Superfund Research Program

Superfund Chemicals, Nutrition, and Multi-Organ Cardiovascular Risk

Project Leader: Kate Zaytseva
Co-Investigators: Bernhard Hennig, Hunter Nathaniel Moseley
Grant Number: P42ES007380
Funding Period: 1997-2025

Year:   2019  2013  2007  2004  1999 

There is evidence that exposure to certain aromatic hydrocarbons, such as polychlorinated biphenyls (PCBs), can be implicated in the development of cardiovascular diseases such as atherosclerosis. Little is known about the mechanisms underlying the atherogenic potential of these aromatic hydrocarbons. Endothelial cell dysfunction is a critical event in the initiation and acceleration of atherosclerotic lesion formation. Because of its constant exposure to environmental contaminants and other blood components, including dietary lipids and prooxidants, the vascular endothelium is extremely vulnerable to chemical insult, as well as to necrotic and apoptotic injury. There is evidence that an increase in cellular oxidative stress and an imbalance in antioxidant status are critical events in PCB-mediated endothelial cell dysfunction. Project investigators propose that nutrition, and in particular dietary fat and antioxidant nutrients, can modify the atherogenic potential as well as cytotoxicity of PCBs. Results from this work will provide valuable information towards therapeutic nutrition intervention for populations at or near Superfund sites.

Researchers have demonstrated that PCBs, and especially PCBs which are AhR agonists, can activate vascular endothelial cells and that specific fats can further increase PCB-induced endothelial dysfunction, probably by contributing to oxidative stress and the production of toxic lipid metabolites. A subsequent imbalance in cellular oxidative stress/antioxidant status can activate oxidative stress- or redox-sensitive transcription factors, which in turn can promote gene expression for inflammatory cytokines and adhesion molecules, and thus intensify an inflammatory response and endothelial cell dysfunction. Data also suggest that antioxidant nutrients (such as vitamin E) can protect against PCB-induced cell damage by interfering with signaling pathways of necrotic and apoptotic endothelial cell death.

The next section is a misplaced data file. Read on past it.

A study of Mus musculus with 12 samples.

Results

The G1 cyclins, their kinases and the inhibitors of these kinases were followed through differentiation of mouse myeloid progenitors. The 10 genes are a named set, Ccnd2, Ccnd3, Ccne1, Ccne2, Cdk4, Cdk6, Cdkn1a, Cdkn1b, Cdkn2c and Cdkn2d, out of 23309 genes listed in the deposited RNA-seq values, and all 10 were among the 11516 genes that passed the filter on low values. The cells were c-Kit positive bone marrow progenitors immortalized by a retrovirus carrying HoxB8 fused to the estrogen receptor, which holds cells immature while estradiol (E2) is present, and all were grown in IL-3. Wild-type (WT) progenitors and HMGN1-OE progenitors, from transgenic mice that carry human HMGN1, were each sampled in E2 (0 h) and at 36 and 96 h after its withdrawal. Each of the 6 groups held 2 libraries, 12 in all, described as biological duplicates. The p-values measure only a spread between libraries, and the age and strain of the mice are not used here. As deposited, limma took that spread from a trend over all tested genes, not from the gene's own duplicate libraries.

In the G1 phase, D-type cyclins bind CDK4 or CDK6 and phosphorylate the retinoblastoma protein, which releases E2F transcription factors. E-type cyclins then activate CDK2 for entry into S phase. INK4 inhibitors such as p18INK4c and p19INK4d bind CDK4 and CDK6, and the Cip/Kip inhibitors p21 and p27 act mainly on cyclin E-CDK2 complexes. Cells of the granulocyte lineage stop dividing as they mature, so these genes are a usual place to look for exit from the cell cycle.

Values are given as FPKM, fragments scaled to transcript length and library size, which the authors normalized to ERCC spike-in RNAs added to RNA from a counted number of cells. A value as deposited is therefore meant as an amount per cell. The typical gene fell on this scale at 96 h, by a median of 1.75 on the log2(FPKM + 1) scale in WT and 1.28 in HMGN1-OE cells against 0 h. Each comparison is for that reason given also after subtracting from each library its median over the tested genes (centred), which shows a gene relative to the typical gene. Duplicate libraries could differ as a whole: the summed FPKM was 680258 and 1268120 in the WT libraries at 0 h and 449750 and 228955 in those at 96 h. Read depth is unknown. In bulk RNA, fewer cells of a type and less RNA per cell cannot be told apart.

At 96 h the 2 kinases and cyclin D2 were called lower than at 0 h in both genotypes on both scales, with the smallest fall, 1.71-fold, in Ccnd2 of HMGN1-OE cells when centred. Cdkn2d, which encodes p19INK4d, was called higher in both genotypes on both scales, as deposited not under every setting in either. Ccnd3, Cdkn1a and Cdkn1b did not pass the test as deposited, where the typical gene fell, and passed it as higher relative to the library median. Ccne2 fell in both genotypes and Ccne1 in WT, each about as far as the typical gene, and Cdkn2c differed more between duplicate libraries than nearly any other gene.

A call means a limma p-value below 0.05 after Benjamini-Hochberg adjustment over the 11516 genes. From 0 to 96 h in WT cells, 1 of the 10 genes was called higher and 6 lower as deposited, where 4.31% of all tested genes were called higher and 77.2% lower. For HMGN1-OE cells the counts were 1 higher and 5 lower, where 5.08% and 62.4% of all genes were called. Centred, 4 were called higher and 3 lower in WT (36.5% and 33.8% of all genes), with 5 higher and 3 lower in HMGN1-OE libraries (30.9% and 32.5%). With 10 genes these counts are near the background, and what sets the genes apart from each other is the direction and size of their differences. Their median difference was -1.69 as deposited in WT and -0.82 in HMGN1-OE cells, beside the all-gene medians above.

These data provide evidence that nutrition can modulate the cytotoxicity of PCBs. The findings also suggest that diets high in antioxidant nutrients may protect against diseases of the vasculature, e.g., cardiovascular disease, which can be triggered by exposure to specific environmental contaminants such as PCBs.